Focus on… Charlbury (Cotswolds)


Charlbury in the Cotswolds can be easily reached by train from Paddington. As the town recently gained ‘Walkers are Welcome’ status, I asked local resident Richard Fairhurst to tell us more about the area.

1. Why should Londoners visit Charlbury?

It’s the Cotswolds without the crowds – but with the train service. Charlbury has the honey-coloured cottages, the rolling hills and the dry-stone walls that characterise the Cotswolds, but without the tourist coaches that bedevil Bourton, Stow and Broadway.

In fact, you don’t need to see a coach at all, because Charlbury has a more-or-less hourly express from Paddington – not bad for a little town of just 3,000 people. It’s not the only way in which Charlbury punches above its weight: the pubs regularly sail off with CAMRA awards, several annual festivals have made the town their home, and this year, it’s become Oxfordshire’s first ‘Walkers are Welcome‘ town.


2. What’s special about Charlbury in terms of hiking and scenery?

What introduction do the Cotswolds need? Hilly enough to be interesting, but not so much that you’ll be perpetually out of breath, they’ve long been a popular walking destination. The postcard-perfect villages are part of the appeal, sleepy little places where every pub seems to have an old Labrador dozing in the corner. But this, the eastern edge of the Cotswolds, is the path less travelled, its quiet wooded footpaths rarely troubling the guidebooks.

You might be thinking “I bet the houses cost a bomb” and sure enough, Charlbury is perilously close to the stomping ground of the Chipping Norton set: David Cameron lives just three miles down the road. But (whisper it) Charlbury itself is rather more liberal than its surroundings might suggest, and the PM himself has been known to bemoan the rebellious streak of his local town, half amused, half exasperated…


3. How can Londoners get to Charlbury by public transport?

The journey from Paddington takes about 1hr15, on trains heading for Worcester and Hereford via Oxford. Most of the trains are comfortable High-Speed Trains, though there are a few local rattlers at weekends. You can use a Network Rail Card if you have one (if you have an Oystercard season ticket – a gold card – this counts as a Network Rail Card), keeping the return cost down to £17.50 (or £20 for the weekend).

Charlbury’s station itself is a gem, a little Italianate building à la Brunel. Quite how it survived the axe is a mystery, but it might have something to do with a former British Rail chairman who lived nearby!


4. Best weekend?

An ideal Charlbury walking weekend starts on the Friday evening train out of Paddington. As the train passes Oxford the atmosphere gets decidedly more relaxed: you might even get the guard who fancies himself as a tourist guide, telling you about Churchill’s funeral in nearby Bladon. Charlbury is just two stops further on, and you’ll catch last orders in the Rose & Crown before retreating to your accommodation.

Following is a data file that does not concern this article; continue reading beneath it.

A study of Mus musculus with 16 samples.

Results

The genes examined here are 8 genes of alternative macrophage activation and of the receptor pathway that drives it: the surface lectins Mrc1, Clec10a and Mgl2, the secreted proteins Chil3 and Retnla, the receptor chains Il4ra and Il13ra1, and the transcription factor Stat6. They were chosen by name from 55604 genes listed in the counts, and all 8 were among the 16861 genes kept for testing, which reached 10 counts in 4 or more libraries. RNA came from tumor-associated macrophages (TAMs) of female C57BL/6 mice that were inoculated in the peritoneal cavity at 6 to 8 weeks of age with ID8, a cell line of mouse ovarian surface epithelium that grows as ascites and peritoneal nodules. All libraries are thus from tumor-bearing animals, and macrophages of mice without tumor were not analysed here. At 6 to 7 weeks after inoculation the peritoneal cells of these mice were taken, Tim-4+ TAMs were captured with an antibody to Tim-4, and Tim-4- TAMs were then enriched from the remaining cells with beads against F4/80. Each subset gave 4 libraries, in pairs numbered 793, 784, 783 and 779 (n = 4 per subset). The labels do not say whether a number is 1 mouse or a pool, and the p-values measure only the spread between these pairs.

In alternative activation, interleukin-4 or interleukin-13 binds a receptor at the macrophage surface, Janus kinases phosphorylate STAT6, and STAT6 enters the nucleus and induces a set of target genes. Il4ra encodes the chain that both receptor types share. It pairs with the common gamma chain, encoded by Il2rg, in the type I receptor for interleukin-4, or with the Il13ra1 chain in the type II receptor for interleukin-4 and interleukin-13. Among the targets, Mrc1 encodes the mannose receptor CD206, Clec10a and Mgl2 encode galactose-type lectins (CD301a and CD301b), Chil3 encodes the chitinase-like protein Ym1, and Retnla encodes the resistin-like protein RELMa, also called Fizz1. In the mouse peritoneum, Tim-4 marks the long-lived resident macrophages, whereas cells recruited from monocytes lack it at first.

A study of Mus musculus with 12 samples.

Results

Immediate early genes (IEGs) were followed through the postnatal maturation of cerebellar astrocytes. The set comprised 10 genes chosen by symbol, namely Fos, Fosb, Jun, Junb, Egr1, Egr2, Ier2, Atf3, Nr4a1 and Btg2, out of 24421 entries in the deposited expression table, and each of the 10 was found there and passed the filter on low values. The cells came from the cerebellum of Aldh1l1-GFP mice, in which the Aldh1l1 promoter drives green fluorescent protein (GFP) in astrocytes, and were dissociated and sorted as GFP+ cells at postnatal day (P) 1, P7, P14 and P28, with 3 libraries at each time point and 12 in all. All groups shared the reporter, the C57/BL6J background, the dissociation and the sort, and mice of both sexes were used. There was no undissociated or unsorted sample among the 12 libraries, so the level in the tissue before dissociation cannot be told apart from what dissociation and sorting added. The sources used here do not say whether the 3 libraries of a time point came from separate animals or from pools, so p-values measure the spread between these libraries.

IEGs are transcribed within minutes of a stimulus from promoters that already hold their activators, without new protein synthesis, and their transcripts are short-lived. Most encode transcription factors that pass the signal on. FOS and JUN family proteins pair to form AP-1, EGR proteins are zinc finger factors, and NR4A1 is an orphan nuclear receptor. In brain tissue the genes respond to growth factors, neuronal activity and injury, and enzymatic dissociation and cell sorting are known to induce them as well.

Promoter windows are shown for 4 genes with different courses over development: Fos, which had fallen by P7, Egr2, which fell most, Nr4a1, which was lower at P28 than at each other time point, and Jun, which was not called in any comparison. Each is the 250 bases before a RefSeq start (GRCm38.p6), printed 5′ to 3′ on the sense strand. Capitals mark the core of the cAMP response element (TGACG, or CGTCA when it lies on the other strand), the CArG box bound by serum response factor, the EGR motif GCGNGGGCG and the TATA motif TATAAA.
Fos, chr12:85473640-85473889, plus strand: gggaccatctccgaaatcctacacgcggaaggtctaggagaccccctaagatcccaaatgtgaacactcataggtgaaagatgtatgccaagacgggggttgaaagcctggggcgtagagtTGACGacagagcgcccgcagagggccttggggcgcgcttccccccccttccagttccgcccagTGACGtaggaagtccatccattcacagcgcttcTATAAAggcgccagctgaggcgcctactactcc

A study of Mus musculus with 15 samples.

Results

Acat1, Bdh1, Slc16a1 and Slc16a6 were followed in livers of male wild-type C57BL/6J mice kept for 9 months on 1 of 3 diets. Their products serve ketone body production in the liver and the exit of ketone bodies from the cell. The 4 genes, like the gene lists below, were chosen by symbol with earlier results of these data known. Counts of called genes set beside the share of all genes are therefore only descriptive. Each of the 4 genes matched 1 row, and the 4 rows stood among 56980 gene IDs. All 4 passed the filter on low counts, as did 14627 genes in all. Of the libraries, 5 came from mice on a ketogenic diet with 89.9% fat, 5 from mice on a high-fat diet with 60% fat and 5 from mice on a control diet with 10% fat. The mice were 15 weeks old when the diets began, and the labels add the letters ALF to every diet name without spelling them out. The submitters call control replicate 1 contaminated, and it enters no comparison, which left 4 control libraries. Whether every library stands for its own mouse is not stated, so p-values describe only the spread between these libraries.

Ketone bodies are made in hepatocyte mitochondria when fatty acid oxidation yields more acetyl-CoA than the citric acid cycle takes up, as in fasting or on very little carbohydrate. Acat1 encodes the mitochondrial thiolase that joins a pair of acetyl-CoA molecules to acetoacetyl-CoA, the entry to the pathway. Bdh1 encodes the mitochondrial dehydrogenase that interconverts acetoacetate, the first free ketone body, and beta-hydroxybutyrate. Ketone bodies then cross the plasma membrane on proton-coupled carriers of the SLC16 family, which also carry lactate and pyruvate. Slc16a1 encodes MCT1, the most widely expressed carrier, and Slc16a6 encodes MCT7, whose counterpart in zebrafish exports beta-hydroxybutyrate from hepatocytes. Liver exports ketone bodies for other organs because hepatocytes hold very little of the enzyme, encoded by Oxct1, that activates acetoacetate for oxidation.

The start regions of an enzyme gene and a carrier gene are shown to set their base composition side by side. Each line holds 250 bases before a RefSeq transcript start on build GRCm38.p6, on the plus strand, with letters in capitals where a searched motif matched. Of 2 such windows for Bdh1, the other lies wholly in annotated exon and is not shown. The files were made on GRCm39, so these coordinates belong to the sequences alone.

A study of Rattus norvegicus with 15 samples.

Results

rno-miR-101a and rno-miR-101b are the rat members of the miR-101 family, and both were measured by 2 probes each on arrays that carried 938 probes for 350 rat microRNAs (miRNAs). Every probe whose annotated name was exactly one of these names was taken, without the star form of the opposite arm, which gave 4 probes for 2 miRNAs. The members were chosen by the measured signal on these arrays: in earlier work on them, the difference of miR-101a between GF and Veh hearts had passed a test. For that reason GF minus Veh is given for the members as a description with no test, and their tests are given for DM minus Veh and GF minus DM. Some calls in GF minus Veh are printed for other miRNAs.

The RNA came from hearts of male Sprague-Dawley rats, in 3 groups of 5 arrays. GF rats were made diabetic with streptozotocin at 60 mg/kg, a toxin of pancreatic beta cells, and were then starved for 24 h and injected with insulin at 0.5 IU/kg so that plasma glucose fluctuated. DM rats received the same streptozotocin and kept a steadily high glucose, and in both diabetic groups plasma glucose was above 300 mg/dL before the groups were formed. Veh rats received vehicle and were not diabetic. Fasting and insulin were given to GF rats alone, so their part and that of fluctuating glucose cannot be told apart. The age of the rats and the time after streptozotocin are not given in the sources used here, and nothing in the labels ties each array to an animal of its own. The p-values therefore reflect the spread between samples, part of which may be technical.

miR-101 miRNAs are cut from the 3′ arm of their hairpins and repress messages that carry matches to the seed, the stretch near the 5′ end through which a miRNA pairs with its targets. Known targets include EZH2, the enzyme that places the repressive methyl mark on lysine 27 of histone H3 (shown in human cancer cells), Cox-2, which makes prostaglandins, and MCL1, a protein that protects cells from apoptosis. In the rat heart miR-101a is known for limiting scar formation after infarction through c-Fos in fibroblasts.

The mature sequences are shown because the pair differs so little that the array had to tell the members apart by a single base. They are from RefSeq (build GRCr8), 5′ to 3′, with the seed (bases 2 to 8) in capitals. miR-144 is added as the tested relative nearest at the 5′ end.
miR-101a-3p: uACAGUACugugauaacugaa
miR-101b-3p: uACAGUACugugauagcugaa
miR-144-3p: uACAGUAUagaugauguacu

Saturday’s walk takes you through Cornbury Park and the ancient Wychwood Forest – once a hive of banditry and drunken festivals, now a private estate with a much-prized circular walk through its grounds. Look out for deer, red kites and woodpeckers. Stop for lunch at the thatched Plough Inn in Finstock, and enjoy a moment’s silence in the medieval chapel at Shorthampton with its primitive wall paintings. The walk back to Charlbury follows the lovely Evenlode valley, the peace only disturbed by the occasional passing train.


A meal in the Bull or the Bell and a good night’s sleep will refresh you for Sunday’s walk. Being on a train line has a great advantage; one-way walks are easy. Follow the Oxfordshire Way up the valley towards the next station at Kingham; or wander via the ancient lane to Stonesfield, and the nearby Roman villa, on the way to Hanborough. Come back to Charlbury to pick up your bags – and maybe enjoy a farewell pint before you go.


5. Where can people find out more about hiking in Charlbury?

The Charlbury town website (at has maps and instructions for several of the most popular local walks, plus details of accommodation and other facilities in the town. You can also find walks at the Oxfordshire Cotswolds website.

Charlbury’s bookshop, Evenlode Books, is open on Saturday mornings and has a wide range of walking guides.

Richard arrived in Charlbury 14 years ago and has been drawn more and more into town life every month since. He works as a freelance cartographer and writer and is currently hatching a new cycling website, He is usually to be found at the Rose & Crown with a pint of cider, trying to elbow the resident Gordon Setters off the comfy chairs.

All photographs courtesy of Richard Fairhurst.